Hello,
On a jigsaw puzzle piece, there is a number of male lobe-shaped protrusions that are designed to fit in complentary cut-out recesses made in adjacent pieces.
Are there dedicated designations for the lobe-shaped protrusion and the complementary cut-out of a jigsaw puzzle piece???
I'm actually writing a patent application for an invention, and the invention incorporates a number of pieces that interlock similarly to jigsaw puzzle pieces, i.e. using a female/male joint means. However, the expression "cut-out" to designate the female joint part complementary to male lobe-shaped protrusion is not appropriate since the female hollow part is not cut out in the piece, but is rather formed during injection molding of the piece.
I've been so far calling it the "female joint part", but am not at all pleased with this designation...
thank you very much

Forget the "cut-out" problem. Forget the sex parts. Use belly-button terminology:
"Innies and Outies" (or spell them how you will) should handle the US market. The fact that they are "interlocking" handles the rest. If you need something a bit more grown-up, convex and concave might help.

Now my problem with puzzle pieces involves the ones that make 1, 2, 3 or 4 corners (or maybe that is enough, but some have small shoulders and others have big, acute-angle shoulders. That is harder to describe than the the ones with one outie and 3 innies. I can call "fat left leg", for example, and "hunched (or receding) left shoulder".
There used to be a brand of jigsaw puzzles (Tuco), in which the cardboard was at least 3 times the thickness of the regular interlocking puzzles. One couldn't even call them interlocking, but I am sure they were cut with a jigsaw. The pieces were all about the same size, but had wavy edges. Easy to pick up the pieces and manipulate them, but very difficult to manage color matches, etc. The worst part was that any little jiggle of the table moved the pieces so that great effort was required to put the solved part back into some kind of regular shape.
On the other hand, there was no problem putting the puzzle away no decisions about whether to fold the entire thing up, or take sections apart piece by piece. Still, I think that the Tuco puzzles lost pieces with at least the same frequency as did the regular interlocking puzzle.

(Just a little reminiscence. I know that other people's memories don't evoke the feelings of your own.)
Hello, On a jigsaw puzzle piece, there is a number of male lobe-shaped protrusions that are designed to fit in ... piece. I've been so far calling it the "female joint part", but am not at all pleased with this designation...

I have no idea if there are technical terms for these, but you might consider:-

"the male key fits into the female receptical" I wondered too about "socket", but that has connotations of roundness perhaps...
cheers,
Jim

In woodwork, there is a dovetail joint, which consists of male tenon and female mortise. Maybe you could abduct the terms.

john
Hello, On a jigsaw puzzle piece, there is a number ... part", but am not at all pleased with this designation...

I have no idea if there are technical terms for these, but you might consider:- "the male key fits into the female receptical" I wondered too about "socket", but that has connotations of roundness perhaps...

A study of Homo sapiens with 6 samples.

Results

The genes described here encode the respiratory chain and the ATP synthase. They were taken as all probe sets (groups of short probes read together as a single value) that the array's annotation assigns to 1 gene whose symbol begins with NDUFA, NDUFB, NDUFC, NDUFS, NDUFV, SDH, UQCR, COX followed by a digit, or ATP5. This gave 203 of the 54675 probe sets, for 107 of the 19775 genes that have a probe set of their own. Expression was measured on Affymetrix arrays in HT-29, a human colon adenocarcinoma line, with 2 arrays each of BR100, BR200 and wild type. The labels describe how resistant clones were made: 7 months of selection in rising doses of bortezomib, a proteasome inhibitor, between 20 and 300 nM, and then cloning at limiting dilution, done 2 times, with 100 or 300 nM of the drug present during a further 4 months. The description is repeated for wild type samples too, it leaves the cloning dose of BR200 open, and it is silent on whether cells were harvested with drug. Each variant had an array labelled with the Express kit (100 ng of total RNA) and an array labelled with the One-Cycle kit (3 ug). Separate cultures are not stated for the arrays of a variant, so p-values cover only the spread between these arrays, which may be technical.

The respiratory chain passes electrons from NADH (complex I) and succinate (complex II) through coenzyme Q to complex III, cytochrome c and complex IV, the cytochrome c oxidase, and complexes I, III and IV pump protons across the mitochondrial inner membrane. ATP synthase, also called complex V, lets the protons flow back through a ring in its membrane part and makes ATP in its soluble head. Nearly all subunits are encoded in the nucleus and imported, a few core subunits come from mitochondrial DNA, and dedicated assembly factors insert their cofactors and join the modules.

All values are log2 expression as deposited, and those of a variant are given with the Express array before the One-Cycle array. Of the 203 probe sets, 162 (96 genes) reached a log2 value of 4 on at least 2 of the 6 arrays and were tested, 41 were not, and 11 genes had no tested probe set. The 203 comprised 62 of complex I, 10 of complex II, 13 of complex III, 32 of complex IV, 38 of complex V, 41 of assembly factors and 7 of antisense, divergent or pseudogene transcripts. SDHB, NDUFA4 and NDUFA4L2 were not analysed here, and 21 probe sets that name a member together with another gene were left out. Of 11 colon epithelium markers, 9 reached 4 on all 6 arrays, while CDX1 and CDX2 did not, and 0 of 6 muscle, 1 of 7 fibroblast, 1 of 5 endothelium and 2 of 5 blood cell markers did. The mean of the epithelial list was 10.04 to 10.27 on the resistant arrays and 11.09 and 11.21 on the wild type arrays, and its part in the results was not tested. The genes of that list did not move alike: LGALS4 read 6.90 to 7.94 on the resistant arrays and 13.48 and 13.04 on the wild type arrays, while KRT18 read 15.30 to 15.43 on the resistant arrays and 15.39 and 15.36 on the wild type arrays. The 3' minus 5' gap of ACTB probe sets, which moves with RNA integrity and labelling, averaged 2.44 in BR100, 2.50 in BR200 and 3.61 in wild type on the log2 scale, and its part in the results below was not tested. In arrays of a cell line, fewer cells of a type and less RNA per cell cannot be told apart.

Why not say that puzzle tiles are formed with protrusions and recesses, and that complementary protrusions and recesses engage and at least some of them interlock when the puzzle is correctly assembled? You may want to distinguish between interlocking and non-interlocking complementary portions of adjacent tiles in the completed puzzle. At your own risk, of course.

Paul
In bocca al Lupo!
On a jigsaw puzzle piece, there is a number of male lobe-shaped protrusions that are designed to fit in complentary ... piece. I've been so far calling it the "female joint part", but am not at all pleased with this designation...

My family has done jigsaw puzzles for several generations, and we've always called them "knobs" and "holes." But I know that this nomenclature is not universal; we always called the pieces on the edge "border" or "border pieces," but some families call them "edge pieces."

Let's see, I've got a book called "Jigsaw Puzzles: An illustrated History and Price Guide," Anne D. Williams, 1990... But after leafing through quite a bit of it, I have to conclude they have no reason to name any of the parts of a piece. They discuss the fashions, the changing technology, the distribution, the collectibility of puzzles... They do mention whether pieces "interlock" as important; both the fashion and the cutting methods of the earliest puzzles made that rare. But it is people actually working around a table who need to say things like "I need a knob with a bit of white at the tip."

Anyway, for patent writing, you must be able to find earlier similar patents?

Best Donna Richoux

Er... Outies and innies? Yangies and yinnies? Plugs and sockets? Doctors and nurses?

Ross Howard
In woodwork, there is a dovetail joint, which consists of male tenon and female mortise. Maybe you could abduct the terms.

Norm, on The New Yankee Workshop , calls the parts of a dovetail "pins" and "tails". Is that standard terminology, or is it just Norm's version?

Ray Heindl
My dictionary give the following def of a dovetail joint : "a joint formed by one or more tapered projections (tenons) on one piece that interlock with corresponding notches or recesses (mortises) in another."

I finally decided to call the female and male parts of the joint "mortise" and "tenon" respectively.